Ok. Are you ready for this? I’ve been waiting days to tell you about this book and I’m excited to finally get to it! I picked up The Curse of Chalion knowing two things about it: 1) it’s a fantasy book and 2) the protagonist is a man in his mid-30s. I’ve really enjoyed reading about older protagonists lately and the little blurb on the book reminded me of FitzChivalry Farseer from Robin Hobb’s The Farseer trilogy.
The Curse of Chalion is good classic fantasy. It’s intriguing but slow in pace, and it’s the perfect book to pick up after an exhilarating page-turner. Just finished reading a dark book and need something lighter? This is your book. Curious about adult fantasy books but wary about violence/mature content? This is your book. Hesitant about fantasy because it’s your least read genre? This is your book.
Bujold’s conservative and hopeful tone to her writing is something rarely seen in fantasy these days. She doesn’t dwell on gory details and doesn’t write about extreme violence. The book is also pleasantly discreet about sexual content and if you prefer fade-to-black scenes like I do, you’d appreciate this.
I love a solid book that can stand on its own and The Curse of Chalion fits that bill. It gives you court intrigue, political schemes, mystery, and revenge all well contained with a straightforward plot.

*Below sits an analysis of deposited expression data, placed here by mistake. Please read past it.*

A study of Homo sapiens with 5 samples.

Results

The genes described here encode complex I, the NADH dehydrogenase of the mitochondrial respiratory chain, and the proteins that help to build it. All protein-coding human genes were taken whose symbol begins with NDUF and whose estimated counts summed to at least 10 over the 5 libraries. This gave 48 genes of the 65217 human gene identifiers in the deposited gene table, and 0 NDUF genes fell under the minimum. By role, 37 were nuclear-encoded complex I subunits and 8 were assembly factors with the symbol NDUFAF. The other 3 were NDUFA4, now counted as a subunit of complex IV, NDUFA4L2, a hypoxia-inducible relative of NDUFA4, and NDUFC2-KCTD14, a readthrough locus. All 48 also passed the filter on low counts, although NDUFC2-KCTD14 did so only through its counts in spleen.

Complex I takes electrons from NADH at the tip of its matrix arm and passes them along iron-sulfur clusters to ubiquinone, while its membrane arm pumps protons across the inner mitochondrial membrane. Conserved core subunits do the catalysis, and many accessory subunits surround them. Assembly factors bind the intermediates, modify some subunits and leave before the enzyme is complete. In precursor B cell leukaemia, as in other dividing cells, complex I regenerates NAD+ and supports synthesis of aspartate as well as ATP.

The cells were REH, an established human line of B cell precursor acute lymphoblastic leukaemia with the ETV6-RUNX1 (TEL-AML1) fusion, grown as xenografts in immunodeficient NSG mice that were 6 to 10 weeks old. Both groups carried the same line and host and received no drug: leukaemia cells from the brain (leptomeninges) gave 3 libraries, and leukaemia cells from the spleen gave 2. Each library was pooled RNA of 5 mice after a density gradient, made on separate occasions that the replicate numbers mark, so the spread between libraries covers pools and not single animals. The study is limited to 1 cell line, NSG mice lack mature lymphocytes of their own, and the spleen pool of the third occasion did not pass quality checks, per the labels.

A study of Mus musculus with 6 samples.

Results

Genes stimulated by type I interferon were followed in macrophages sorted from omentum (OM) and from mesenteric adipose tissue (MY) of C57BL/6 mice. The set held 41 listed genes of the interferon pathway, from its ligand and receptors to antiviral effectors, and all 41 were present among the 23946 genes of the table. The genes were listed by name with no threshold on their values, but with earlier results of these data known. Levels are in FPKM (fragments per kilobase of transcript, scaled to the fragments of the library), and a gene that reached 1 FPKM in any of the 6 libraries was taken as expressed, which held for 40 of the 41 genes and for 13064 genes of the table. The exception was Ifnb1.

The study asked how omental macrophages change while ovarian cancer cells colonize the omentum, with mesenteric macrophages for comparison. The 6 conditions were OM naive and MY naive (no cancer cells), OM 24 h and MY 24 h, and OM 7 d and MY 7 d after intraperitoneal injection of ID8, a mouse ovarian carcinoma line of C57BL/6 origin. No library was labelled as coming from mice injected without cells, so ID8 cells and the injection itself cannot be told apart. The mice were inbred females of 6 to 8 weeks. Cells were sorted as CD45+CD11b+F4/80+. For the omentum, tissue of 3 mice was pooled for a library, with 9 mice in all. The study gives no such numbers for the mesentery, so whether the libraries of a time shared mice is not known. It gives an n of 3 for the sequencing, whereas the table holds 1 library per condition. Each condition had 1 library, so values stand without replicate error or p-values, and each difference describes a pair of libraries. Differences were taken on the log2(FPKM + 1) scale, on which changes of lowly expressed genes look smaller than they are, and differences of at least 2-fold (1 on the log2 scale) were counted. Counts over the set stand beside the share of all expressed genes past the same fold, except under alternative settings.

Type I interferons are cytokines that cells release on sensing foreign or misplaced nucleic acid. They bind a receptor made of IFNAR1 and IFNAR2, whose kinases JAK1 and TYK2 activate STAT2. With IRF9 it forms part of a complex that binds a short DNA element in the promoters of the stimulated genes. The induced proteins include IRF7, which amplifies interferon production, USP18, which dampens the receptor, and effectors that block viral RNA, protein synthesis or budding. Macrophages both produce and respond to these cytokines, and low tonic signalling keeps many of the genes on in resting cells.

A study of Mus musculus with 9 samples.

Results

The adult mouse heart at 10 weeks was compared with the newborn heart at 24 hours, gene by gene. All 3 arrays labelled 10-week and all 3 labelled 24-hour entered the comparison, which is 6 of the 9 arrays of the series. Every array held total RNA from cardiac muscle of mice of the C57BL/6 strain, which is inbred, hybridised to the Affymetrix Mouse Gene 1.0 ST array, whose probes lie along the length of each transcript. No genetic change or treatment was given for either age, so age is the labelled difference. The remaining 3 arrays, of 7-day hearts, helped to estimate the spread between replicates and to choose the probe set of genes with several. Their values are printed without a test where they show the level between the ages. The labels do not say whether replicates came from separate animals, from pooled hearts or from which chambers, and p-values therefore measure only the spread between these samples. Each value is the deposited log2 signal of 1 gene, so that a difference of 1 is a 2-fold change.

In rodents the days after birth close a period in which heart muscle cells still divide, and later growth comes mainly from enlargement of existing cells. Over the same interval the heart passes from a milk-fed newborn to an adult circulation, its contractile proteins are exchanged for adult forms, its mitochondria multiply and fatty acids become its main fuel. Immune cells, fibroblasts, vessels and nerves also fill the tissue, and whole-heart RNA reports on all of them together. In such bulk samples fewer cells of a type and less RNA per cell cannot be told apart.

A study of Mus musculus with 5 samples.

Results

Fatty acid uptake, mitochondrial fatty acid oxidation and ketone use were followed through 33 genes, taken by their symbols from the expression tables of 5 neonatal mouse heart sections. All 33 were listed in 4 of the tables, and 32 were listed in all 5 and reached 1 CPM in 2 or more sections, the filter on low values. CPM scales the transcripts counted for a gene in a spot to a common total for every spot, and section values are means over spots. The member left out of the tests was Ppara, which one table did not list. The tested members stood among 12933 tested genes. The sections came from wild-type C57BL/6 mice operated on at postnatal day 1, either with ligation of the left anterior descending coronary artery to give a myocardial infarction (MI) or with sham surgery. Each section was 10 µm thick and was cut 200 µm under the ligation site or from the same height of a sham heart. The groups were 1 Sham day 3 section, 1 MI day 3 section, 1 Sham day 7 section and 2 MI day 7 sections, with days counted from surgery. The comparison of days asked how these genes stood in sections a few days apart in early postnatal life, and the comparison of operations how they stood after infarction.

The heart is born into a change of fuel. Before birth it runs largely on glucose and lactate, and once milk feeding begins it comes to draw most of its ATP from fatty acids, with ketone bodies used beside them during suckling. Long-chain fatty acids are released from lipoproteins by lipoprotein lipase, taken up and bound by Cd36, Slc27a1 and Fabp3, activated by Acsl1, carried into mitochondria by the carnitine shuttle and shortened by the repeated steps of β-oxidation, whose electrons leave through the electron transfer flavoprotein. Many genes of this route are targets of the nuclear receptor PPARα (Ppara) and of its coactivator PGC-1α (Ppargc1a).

What I loved most about The Curse of Chalion is its protagonist, Cazaril. He’s a broken man who comes back home after a life of slavery but instead of wallowing in self-pity or becoming hell-bent on anger and revenge, he wants to be left alone and live a quiet life. This man has had a hard life and now struggles between lying low and protecting those he cares about at the same time. He’s a war hero but he uses wit before brawn and his strength lies in diplomacy and well-considered actions. I found his kind, humble, and gentle nature so refreshing! Top that with a strong sense of loyalty and a dash of dry humour and you get one of the most mature and well-balanced characters in Caz. I know he sounds perfect, but he isn’t. Cazaril is haunted by fear, shame, and self-doubt which limit him in many ways. Compared to many protagonists, Cazaril seems ordinary but he’s so very human and that’s why I love him.
I was also impressed by how well Bujold handled the topic of religion in The Curse of Chalion. I’m weary of books showing religion in a negative light when there are also many positive things about it. The book deals with the worship of five gods and goddesses and Bujold draws a rich portrait of faith and spirituality that makes for a thoughtful reading experience.
No book is perfect though and the soft magic in The Curse of Chalion may disappoint avid fantasy readers. It certainly caught me off guard because of how long it took to show up. The slow pace also dragged in parts but it may be due to me being a liiittle impatient. I thought Bujold’s use of terms such as roya, royina, royesse for royalty were unnecessary when king, queen, and princess would have been sufficient. All things considered, this is all very minor compared to my overall enjoyment of the book.
I’m happy to say The Curse of Chalion is one of my favourite reads of the year. It reads like a Classic (if Jane Austen and Sir Arthur Conan Doyle collaborated) with the right dose of elements that make classic fantasy so well loved.